Saturday, January 21, 2017
Saving Sally (Avid Liongoren, Metro Manila Film Festival 2016)
Saving Sally is a fantastical film that rightly benefited from the revamped selection process of the Metro Manila Film Festival. Although it is an animated film, it is not an outright film treat for the whole family. The story targets mostly teenagers.
The lead male character, Marty, is like a Pokemon Go trainer able to see monsters. Other human beings don’t see the ogres and creatures. Only the comic book geek Marty can see them. Several of the monsters are humans while others maybe mere figments of the young artist’s imagination.
The world inhabited by Marty (Enzo Marcos) is in muted colors. If there is one major complaint I can think about the film then it will be the lack of vibrant colors. The bland colors may be reflective of Marty’s life but I think it is more a reflection of the film’s financial difficulties. The filmmakers may have been forced to scrimp on low-end cameras just to keep the production afloat. One thing’s for sure, though. They patiently labored for more than 10 years to bring the film to fruition.
The simple yet effective special effects are non-intrusive. The audience will agreeably believe a world where monsters co-exist with humans. A memorable, magical moment was conjured with a sprightly Sally’s unleashing of her mechanical appendage ala Inspector Gadget. Right off the bat, Sally becomes a cool character.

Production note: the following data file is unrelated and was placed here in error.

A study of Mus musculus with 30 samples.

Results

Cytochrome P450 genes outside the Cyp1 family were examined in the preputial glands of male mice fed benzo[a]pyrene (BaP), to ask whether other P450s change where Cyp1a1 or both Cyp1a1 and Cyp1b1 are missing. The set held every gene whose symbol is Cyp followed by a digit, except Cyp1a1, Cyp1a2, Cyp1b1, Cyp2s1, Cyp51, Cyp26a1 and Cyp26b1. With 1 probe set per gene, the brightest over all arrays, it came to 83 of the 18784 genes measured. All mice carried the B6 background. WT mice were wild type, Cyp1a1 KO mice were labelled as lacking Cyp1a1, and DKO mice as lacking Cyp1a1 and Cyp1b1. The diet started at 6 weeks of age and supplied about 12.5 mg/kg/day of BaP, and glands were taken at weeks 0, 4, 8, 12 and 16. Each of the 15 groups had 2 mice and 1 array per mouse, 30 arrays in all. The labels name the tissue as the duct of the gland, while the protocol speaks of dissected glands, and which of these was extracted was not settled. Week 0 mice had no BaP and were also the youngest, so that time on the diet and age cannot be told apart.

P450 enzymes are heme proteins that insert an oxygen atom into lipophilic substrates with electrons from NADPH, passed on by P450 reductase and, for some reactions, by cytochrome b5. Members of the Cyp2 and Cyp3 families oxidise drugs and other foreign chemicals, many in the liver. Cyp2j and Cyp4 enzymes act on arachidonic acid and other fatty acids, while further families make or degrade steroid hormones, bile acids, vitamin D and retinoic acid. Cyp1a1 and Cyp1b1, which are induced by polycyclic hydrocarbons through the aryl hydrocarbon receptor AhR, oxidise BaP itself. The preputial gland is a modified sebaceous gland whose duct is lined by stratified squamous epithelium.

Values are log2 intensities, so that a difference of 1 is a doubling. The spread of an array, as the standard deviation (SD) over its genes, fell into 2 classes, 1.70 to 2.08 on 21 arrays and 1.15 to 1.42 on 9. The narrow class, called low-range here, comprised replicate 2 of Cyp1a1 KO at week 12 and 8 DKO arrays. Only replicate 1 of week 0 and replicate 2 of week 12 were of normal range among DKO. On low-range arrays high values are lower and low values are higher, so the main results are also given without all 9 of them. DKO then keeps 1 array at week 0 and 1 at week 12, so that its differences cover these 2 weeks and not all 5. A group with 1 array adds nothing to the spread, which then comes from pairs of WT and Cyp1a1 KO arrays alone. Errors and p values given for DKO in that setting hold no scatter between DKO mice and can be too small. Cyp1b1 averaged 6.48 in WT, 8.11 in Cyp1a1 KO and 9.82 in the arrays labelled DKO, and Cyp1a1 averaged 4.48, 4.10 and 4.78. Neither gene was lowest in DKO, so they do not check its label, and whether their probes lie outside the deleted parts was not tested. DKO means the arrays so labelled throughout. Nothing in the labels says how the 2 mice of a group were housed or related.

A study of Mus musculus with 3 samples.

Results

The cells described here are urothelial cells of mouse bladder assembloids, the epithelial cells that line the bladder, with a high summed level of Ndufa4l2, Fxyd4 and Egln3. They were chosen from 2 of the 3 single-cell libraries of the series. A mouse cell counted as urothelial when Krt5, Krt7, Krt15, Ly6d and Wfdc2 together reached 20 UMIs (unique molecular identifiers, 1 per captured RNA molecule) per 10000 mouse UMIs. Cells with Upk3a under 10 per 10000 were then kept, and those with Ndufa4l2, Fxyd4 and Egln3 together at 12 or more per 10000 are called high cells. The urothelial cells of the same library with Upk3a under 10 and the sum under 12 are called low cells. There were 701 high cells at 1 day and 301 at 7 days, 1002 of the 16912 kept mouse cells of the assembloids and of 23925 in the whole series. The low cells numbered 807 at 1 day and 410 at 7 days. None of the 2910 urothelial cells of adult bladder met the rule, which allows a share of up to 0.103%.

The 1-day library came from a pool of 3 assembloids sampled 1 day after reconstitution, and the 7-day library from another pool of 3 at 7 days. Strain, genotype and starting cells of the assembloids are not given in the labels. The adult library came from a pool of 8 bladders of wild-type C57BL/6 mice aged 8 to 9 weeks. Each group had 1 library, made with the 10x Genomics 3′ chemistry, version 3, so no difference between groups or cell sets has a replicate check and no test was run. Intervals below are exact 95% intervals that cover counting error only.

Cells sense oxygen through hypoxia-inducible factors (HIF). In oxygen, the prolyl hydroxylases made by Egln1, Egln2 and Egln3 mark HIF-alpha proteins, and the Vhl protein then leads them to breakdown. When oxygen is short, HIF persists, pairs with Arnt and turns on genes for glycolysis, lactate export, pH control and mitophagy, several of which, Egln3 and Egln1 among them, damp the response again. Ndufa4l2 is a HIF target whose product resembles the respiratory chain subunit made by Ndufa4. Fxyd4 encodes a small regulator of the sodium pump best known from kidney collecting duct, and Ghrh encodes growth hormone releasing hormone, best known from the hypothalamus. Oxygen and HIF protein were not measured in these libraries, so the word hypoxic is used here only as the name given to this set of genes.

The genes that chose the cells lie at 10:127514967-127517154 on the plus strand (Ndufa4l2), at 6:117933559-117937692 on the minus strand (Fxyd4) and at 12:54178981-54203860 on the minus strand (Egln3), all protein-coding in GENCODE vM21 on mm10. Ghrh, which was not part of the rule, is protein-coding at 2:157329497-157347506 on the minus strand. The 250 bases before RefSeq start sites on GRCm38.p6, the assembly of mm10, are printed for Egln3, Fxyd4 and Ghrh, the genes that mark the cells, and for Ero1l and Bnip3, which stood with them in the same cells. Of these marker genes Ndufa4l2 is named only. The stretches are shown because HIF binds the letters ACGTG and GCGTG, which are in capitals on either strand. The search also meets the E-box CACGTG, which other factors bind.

There are other cool moments in the film. In a film teeming with samples of varied visual art formats, the simple ones hold their own against complex formats in telling a story. The charming pop-up Book of Happy is indeed a book filled with wonder and joy. The production design is a mix of Seussical whimsy and Tim Burtonesque wackiness. The smorgasbord of visual formats and mediums work because they visualize the changing mood of Marty.
The lanky Marty is in love with Sally (Rhian Ramos). But he feels like being trapped in a war zone. The truth is he is friendzoned and cannot slay the monstrous fear of rejection. Sally asked him a comic book question: 'Why do people never notice that the geek is the same person as the hunky hero?' Well, he answered that it is because no one cares for the nerdy people. Yes, no one pays attention to average-looking geeks like him. However, just like superhero comic books, there's a hero inside Marty after all.
The film’s witty word puns, and irreverent characters with dickheads seem to come straight from the fertile mind of wordsmith Joey de Leon, the pages of Jingle magazine, and the pen of Roxlee. Little details such as a funny company signboard leave a smile on my face. Sandara is the name of the park frequented by the two youngsters. The park design is similar to that of the park featured in the film 500 Days of Summer. This may be a homage because I do recall seeing the word Summer up in the screen.
I like it that the filmmakers didn’t dumb down their target audience. Teenagers can learn a thing or two on how the young characters deal with their problems. Bullying, premarital sex, physical abuse, and first love jitters are just some of the issues tackled by the film. Sally’s determination to leave her problems behind and take flight resulted in her ultimate project.
Saving Sally is a blast! No other Filipino film feature is like it. The film transports the audience into different worlds and teleports them back to their homes with adorable family scenes. I loved the scene wherein the mother of Marty feigns sleep on the sala set because she wants to hear fresh, first-hand account of Marty's activities. Such heartwarming, lovely scenes serve as counterpoint to the gloomy touches of the film. The end credits feature a more colorful and more animated way of showing love filled life of Marty.